Multitouch screens, which can register more than one finger-press at a time, will let computers trade keyboards and mice for simple strokes and pinches. The models shown here are just the start. Nearly every major PC maker will introduce touch-y designs of various shapes and sizes in the coming months.
Microsoft Windows 7, which launches October 22, is the first major computer operating system designed to work with multitouch displays. Because it incorporates the software code needed to understand your gestures, manufacturers can now include these screens more easily than ever before.
How You’ll Benefit
Use your fingers instead of a mouse in almost any program; for instance, pinch to zoom out in Google Earth, or drag a finger to scroll through a Web page in Firefox. Developers are also beginning to build applications that use touch in new and more-creative ways—such as in 3-D design programs that let you morph virtual products with a twist—so that formerly complicated tasks will become as easy as a tap.
Lose the keyboard entirely with a laptop whose display spins and folds to hide the keys. You can use a stylus to write or draw precisely, since the 13.3-inch screen includes both a flesh-sensing capacitive layer and the same electronic-pen-based layer used by graphic artists. Don’t worry about penmanship: Windows 7 boasts better handwriting recognition.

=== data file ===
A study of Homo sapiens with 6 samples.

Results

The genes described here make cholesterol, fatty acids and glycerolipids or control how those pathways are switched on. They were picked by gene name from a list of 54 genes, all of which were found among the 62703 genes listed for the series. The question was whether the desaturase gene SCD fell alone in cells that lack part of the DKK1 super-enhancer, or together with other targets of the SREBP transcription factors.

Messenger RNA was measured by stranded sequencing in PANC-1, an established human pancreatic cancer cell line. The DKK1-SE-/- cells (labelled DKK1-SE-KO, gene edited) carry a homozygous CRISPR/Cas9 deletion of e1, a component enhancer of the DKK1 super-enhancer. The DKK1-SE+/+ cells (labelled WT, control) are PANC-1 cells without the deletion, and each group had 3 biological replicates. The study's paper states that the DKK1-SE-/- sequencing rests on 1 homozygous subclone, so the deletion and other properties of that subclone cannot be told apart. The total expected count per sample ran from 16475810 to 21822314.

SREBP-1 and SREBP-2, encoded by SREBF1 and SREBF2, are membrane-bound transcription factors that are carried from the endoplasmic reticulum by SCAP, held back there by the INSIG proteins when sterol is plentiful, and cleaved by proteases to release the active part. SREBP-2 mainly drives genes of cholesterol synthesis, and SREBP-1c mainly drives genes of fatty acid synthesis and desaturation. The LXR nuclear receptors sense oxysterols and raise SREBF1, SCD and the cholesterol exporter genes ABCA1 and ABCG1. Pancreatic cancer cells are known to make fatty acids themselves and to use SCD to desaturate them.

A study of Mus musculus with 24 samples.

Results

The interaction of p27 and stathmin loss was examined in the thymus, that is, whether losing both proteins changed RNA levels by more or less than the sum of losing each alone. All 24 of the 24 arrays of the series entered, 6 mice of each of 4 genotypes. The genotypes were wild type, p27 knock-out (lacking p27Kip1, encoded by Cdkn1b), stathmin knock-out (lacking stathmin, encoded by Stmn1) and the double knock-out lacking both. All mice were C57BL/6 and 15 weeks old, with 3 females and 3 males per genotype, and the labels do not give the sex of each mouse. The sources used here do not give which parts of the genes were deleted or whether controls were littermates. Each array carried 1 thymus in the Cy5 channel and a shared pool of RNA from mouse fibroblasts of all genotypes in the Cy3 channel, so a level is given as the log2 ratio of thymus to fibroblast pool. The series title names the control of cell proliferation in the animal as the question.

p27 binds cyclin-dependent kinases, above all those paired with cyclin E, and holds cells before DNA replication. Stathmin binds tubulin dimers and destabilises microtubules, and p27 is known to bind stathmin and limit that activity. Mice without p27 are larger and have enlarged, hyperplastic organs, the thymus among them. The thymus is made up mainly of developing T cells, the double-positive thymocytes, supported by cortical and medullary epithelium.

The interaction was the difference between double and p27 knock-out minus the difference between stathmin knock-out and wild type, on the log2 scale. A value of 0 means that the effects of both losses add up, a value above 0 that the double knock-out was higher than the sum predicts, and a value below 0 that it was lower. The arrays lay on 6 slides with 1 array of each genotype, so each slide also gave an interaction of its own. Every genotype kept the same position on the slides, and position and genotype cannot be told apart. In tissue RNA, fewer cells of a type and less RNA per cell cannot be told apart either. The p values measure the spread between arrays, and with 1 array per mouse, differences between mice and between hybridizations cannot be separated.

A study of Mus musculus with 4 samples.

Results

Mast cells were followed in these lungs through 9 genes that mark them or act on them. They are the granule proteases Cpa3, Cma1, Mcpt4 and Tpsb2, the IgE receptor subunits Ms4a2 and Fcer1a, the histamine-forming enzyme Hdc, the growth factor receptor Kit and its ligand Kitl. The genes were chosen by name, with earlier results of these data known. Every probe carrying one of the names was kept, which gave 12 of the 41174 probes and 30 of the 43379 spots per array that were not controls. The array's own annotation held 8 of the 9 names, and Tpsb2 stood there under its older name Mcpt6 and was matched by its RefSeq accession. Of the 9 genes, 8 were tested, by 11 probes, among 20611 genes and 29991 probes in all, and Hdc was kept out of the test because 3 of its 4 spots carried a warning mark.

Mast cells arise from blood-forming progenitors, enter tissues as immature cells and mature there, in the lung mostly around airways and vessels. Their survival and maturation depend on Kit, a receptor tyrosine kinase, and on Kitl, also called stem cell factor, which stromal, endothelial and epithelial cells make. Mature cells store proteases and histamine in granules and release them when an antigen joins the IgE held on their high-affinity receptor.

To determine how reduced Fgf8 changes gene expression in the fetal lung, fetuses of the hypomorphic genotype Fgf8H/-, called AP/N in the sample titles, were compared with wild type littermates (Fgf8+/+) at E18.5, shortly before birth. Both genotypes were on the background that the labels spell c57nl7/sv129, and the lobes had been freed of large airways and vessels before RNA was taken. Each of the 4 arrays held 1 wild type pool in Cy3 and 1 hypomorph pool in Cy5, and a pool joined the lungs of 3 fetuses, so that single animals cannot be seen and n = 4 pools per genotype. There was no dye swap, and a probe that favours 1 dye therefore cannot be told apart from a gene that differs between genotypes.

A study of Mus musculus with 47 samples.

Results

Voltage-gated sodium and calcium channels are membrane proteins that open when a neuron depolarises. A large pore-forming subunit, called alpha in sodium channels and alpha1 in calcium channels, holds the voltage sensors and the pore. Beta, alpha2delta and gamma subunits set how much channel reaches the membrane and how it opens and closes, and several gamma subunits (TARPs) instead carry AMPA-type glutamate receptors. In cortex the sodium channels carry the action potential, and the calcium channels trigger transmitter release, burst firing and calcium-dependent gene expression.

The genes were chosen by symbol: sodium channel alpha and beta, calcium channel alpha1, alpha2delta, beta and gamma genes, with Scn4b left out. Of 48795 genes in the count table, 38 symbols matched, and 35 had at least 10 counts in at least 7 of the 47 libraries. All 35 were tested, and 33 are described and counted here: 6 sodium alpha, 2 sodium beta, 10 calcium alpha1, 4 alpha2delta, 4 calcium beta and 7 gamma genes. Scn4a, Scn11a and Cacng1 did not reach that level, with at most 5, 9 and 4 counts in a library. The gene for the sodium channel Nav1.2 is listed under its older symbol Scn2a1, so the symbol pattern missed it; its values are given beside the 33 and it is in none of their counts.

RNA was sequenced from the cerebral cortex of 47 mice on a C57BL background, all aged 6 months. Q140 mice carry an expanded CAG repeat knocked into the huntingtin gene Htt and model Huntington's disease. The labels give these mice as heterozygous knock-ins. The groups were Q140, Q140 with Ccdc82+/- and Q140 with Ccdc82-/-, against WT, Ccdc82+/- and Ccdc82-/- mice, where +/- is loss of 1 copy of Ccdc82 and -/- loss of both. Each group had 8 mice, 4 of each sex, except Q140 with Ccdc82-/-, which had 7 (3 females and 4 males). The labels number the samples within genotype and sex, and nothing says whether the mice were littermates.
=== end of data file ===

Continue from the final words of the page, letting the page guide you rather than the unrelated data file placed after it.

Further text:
ductivity of fingers and even recognizes up to four touches at a time.
Lenovo T400S with Multitouch Option From $2,000; lenovo.com
A 21.5-inch widescreen display makes it easy for even big fingers to hit their mark. Tap where you want to enter text, and up pops Windows 7’s virtual keyboard, which you can enlarge to take advantage of the big screen. Poke at letters using either your fingers or the end of a pencil, since the camera-based optical touchscreen can detect when any opaque object comes in contact.